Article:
By Amanda Ballard, University Communications
February 13, 2014
During a discussion titled "Reporting Border Conflict: Stifled News, Lost Lives," panelists will address the dangers journalists face when reporting on border conflicts.
In 2013, 70 journalists around the world were killed and 211 were imprisoned, according to the Committee to Protect journalists. Four award-winning journalists will discuss the impacts of the dangers border reporters face at a free public discussion on Tuesday.
Bill Schmidt, UA School of Journalism professor of practice and former deputy managing editor of The New York Times, will moderate Tuesday's discussion.
From Sonora to Syria, border conflicts across the globe are some of the most dangerous assignments for field reporters. Four award-winning journalists will discuss the impacts of these dangers at a free public discussion on Tuesday at the University of Arizona.
"This is a great opportunity for people to hear firsthand the dangers and travails of journalists who are literally in the line of fire," said David Cuillier, director of the UA School of Journalism and president of the Society of Professional Journalists.
Bill Schmidt, UA School of Journalism professor of practice, will serve as the panel moderator. Schmidt joined the UA faculty last year after retiring as deputy managing editor of The New York Times following a 32-year career with the organization. Schmidt also worked as a foreign correspondent for Newsweek and has reported from Afghanistan, Iraq, Syria and Africa.
"The idea of bearing witness is at the very of core of journalism," Schmidt said. "But the mission of journalists is imperiled. … The toll of journalists killed or missing grows by the year. … This has consequences for all of us everywhere who depend on a free press as a guarantor of a free society."
The other panel members include Mort Rosenblum, UA journalism professor of practice, Giannina Segnini, investigations editor at La Nación in Costa Rica, and Ricardo Sandoval Palos, a Latin America reporter and human rights researcher.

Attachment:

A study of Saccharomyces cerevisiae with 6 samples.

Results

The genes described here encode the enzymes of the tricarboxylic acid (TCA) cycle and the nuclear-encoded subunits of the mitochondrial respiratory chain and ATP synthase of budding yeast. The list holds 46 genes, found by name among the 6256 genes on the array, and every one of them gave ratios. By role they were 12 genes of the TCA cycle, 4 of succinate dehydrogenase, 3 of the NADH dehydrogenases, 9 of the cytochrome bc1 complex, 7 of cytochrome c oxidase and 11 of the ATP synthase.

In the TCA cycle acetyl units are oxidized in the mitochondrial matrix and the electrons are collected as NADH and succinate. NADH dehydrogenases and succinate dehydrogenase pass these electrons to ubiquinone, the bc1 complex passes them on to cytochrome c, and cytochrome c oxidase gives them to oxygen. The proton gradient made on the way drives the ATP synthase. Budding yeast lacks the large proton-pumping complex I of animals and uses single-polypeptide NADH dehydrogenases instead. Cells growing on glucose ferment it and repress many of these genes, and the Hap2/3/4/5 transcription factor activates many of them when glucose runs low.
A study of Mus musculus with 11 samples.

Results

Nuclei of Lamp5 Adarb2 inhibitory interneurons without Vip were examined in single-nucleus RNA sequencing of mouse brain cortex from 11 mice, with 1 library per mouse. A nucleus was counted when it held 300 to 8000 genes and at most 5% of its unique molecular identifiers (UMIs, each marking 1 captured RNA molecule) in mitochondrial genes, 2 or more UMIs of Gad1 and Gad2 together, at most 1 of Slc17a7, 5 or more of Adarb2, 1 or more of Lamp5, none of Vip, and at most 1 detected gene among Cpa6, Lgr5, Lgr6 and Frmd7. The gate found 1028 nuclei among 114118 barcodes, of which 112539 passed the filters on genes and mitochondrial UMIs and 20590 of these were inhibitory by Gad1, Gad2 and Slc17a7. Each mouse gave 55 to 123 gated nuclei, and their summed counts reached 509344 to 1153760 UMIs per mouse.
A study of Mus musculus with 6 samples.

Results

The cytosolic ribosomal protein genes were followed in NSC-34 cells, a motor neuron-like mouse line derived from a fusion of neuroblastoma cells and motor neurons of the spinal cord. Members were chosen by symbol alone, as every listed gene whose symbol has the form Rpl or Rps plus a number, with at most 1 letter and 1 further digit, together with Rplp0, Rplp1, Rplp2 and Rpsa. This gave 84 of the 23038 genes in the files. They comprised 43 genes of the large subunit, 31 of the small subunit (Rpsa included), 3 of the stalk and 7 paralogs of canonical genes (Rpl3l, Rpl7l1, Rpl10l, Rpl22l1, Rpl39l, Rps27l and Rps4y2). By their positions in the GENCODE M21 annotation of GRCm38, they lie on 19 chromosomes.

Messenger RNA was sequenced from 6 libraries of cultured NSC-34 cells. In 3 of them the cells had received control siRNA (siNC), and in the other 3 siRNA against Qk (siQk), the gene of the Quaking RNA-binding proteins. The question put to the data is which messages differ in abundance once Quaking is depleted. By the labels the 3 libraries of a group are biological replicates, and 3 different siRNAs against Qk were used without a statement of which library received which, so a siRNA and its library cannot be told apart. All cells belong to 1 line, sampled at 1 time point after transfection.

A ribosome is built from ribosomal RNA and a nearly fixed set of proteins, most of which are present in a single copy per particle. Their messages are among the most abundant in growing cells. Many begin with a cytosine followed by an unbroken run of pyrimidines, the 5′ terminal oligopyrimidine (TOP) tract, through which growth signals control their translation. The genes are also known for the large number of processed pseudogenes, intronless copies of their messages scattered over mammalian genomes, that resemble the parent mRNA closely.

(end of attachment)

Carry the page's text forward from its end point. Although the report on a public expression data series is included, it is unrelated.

Rosenblum , and eight-time Pulitzer nominee and UA alum, joined The Associated Press in 1965 after working at the Arizona Daily Star. Throughout his career, he covered war and peace on four continents. He also edited the International Herald Tribune from 1979 to 1981 and is author of a global news coverage book series.
Segnini is an investigative editor and reporter who has helped disclose 10 cases of international corruption during her career, including one that sent two former Costa Rican presidents to jail. She also teaches investigative journalism at the University of Costa Rica.
As a reporter for The Dallas Morning News, Sandoval spent a decade in Latin America writing stories on drug and border issues. In addition, he has supervised global investigative journalists for the Center for Public Integrity and researched border issues for Human Rights Watch.
During Tuesday's discussion, panelists will focus on issues related to the U.S.-Mexico border and Central America. They will also take questions from the audience.
Cuillier explained that threats to journalists' ability to report on border conflicts have widespread impacts.
"When reporters are killed or intimidated, the public loses because we are all denied information we need to learn about the world and to adequately self-govern," he said. "These journalists understand the tactics bullies and thugs employ in the world to stifle justice and free speech."